A top coalition official on Wednesday disputed lawmakers' assertions that the Taliban are increasing their strength in Afghanistan.
"I'm afraid for the Taliban the evidence is rather different," said British army Lt. Gen. Adrian Bradshaw, deputy commander for NATO's International Security Assistance Force, in a briefing with reporters from Kabul.
The Taliban's ability to deliver attacks in Afghanistan was reduced by almost 10% in 2011, said Bradshaw, adding that the NATO-led force is seeing a similar trend early this year.
"We get reporting, reliable reporting of Taliban commanders, feeling under pressure with lack of weapons and equipment, with lack of finance," he said.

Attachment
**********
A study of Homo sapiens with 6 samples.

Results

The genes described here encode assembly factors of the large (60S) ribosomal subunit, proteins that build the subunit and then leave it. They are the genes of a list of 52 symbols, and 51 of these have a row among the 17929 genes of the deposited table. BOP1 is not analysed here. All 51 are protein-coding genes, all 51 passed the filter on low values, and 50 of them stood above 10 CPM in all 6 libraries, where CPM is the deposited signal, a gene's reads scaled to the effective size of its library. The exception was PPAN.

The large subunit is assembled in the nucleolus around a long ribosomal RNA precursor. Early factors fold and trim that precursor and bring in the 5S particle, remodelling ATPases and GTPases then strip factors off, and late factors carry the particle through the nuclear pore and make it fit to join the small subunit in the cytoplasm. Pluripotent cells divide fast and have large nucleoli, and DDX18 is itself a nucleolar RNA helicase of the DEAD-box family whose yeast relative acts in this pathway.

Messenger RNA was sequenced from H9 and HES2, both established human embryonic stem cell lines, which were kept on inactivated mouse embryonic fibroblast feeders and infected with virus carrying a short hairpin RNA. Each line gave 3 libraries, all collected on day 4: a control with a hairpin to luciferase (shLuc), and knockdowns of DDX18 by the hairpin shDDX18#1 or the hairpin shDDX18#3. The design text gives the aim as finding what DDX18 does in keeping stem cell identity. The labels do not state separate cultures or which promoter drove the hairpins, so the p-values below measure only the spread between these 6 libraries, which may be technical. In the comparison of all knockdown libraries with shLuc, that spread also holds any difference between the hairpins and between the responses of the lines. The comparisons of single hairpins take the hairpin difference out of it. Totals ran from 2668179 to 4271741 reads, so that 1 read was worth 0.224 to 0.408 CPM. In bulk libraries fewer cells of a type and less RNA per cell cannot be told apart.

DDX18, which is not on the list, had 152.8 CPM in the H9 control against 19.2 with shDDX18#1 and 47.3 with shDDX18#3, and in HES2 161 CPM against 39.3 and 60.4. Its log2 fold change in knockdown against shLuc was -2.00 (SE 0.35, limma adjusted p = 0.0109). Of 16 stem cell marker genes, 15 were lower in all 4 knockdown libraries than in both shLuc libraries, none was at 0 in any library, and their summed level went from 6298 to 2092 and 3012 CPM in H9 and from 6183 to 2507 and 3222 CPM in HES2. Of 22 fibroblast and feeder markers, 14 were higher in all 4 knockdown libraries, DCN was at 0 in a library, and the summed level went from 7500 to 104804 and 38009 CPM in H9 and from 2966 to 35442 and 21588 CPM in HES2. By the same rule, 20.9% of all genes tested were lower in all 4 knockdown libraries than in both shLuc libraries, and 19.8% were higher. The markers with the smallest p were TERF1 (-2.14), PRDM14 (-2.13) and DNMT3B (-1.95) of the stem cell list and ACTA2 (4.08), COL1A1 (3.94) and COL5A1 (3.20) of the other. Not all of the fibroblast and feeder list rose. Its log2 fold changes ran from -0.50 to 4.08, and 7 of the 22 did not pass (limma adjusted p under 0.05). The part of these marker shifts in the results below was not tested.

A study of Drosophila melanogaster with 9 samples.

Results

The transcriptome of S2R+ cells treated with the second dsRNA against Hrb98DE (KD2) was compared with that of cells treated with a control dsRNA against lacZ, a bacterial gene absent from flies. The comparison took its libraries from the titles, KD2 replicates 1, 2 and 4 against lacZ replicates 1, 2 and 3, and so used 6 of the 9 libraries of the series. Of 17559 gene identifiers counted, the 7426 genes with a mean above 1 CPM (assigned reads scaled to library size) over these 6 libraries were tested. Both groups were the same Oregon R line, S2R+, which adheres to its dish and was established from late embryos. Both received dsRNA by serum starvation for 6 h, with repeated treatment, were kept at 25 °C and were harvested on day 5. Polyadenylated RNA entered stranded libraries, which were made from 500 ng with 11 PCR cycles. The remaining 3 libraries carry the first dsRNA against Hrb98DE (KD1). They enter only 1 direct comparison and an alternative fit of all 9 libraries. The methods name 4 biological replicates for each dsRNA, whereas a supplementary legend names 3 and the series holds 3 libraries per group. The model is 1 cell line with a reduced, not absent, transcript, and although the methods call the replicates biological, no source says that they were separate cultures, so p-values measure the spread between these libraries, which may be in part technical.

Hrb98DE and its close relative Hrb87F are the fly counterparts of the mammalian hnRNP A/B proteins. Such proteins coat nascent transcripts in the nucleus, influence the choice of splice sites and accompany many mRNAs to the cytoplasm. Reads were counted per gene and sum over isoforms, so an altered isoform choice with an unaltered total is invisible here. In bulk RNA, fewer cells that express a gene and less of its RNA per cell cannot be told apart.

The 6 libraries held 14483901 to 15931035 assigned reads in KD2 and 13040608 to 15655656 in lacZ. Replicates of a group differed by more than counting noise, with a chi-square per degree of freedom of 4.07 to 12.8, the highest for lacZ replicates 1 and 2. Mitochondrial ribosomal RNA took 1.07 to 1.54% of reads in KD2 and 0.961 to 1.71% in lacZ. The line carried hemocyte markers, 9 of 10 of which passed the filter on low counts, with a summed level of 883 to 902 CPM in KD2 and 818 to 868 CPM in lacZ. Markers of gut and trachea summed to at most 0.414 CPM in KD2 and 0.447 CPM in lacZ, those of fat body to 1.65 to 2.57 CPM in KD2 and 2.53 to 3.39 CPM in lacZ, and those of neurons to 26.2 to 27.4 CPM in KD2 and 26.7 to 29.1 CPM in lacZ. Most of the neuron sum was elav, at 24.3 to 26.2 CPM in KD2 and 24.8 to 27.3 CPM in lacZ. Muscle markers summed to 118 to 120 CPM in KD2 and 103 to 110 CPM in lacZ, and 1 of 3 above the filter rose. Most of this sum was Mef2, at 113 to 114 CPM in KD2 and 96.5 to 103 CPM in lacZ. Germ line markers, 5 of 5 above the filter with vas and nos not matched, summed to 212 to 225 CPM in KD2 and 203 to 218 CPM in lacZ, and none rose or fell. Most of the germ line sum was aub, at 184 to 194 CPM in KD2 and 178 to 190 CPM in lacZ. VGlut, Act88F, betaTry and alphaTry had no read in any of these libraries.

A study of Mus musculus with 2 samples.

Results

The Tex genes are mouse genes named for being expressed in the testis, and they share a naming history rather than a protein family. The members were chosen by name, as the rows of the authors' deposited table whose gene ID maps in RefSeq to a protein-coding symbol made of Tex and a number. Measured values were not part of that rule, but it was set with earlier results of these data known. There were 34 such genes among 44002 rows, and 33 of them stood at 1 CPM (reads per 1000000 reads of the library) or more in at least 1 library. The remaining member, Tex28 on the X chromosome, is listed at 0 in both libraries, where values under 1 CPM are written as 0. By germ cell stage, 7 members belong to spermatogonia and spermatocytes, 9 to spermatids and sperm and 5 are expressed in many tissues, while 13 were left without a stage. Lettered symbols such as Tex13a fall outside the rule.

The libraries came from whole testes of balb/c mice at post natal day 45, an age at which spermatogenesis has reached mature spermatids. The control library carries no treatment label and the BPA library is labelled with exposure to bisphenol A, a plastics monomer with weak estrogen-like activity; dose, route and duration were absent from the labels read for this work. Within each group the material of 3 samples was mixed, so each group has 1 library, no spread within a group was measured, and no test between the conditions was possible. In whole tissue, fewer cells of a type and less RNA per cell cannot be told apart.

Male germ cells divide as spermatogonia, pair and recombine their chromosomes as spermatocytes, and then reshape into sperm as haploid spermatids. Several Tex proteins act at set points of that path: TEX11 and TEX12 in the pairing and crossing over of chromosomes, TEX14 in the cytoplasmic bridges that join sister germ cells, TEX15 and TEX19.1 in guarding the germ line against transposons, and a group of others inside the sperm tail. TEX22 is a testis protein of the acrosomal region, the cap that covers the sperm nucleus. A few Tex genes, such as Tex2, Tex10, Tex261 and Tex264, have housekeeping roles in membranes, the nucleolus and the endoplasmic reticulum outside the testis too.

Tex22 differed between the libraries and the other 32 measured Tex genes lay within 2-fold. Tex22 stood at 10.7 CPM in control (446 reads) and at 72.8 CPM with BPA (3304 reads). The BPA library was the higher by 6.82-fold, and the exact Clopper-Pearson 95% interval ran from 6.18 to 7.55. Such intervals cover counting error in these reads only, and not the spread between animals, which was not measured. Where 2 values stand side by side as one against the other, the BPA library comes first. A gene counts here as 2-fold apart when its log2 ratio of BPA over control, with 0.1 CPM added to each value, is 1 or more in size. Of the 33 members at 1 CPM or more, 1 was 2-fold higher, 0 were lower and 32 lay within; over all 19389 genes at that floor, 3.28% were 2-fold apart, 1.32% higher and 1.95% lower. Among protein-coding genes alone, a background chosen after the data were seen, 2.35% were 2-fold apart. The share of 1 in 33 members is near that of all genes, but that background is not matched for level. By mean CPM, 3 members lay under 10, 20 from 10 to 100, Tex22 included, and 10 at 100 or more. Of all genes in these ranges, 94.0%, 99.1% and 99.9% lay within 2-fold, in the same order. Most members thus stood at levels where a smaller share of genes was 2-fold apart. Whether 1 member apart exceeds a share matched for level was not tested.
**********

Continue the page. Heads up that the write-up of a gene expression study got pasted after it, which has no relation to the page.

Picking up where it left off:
In a CNN interview Sunday, the heads of the Senate and House intelligence committees said the Taliban were gaining ground, just days after President Barack Obama made a surprise trip to Afghanistan and touted progress in the war on terror.
"I think we'd both say that what we found is that the Taliban is stronger," said Sen. Dianne Feinstein, D-California, who appeared with Rep. Mike Rogers, R-Michigan, on CNN's "State of the Union."
Rogers had said earlier that during his recent trip to Afghanistan he met with military and intelligence officials, who believed the Taliban were significantly stronger than a few years ago.
Bradshaw did not discount the challenge the Taliban poses, saying, "They're still a force to be reckoned with," but he said reporting from the NATO-led force shows the Taliban's capability has been reduced.
"I would say we have clear evidence that the momentum has been reversed," Bradshaw said. "So I think that the line taken by the congressmen is actually contrary to everything that we're seeing on our reporting."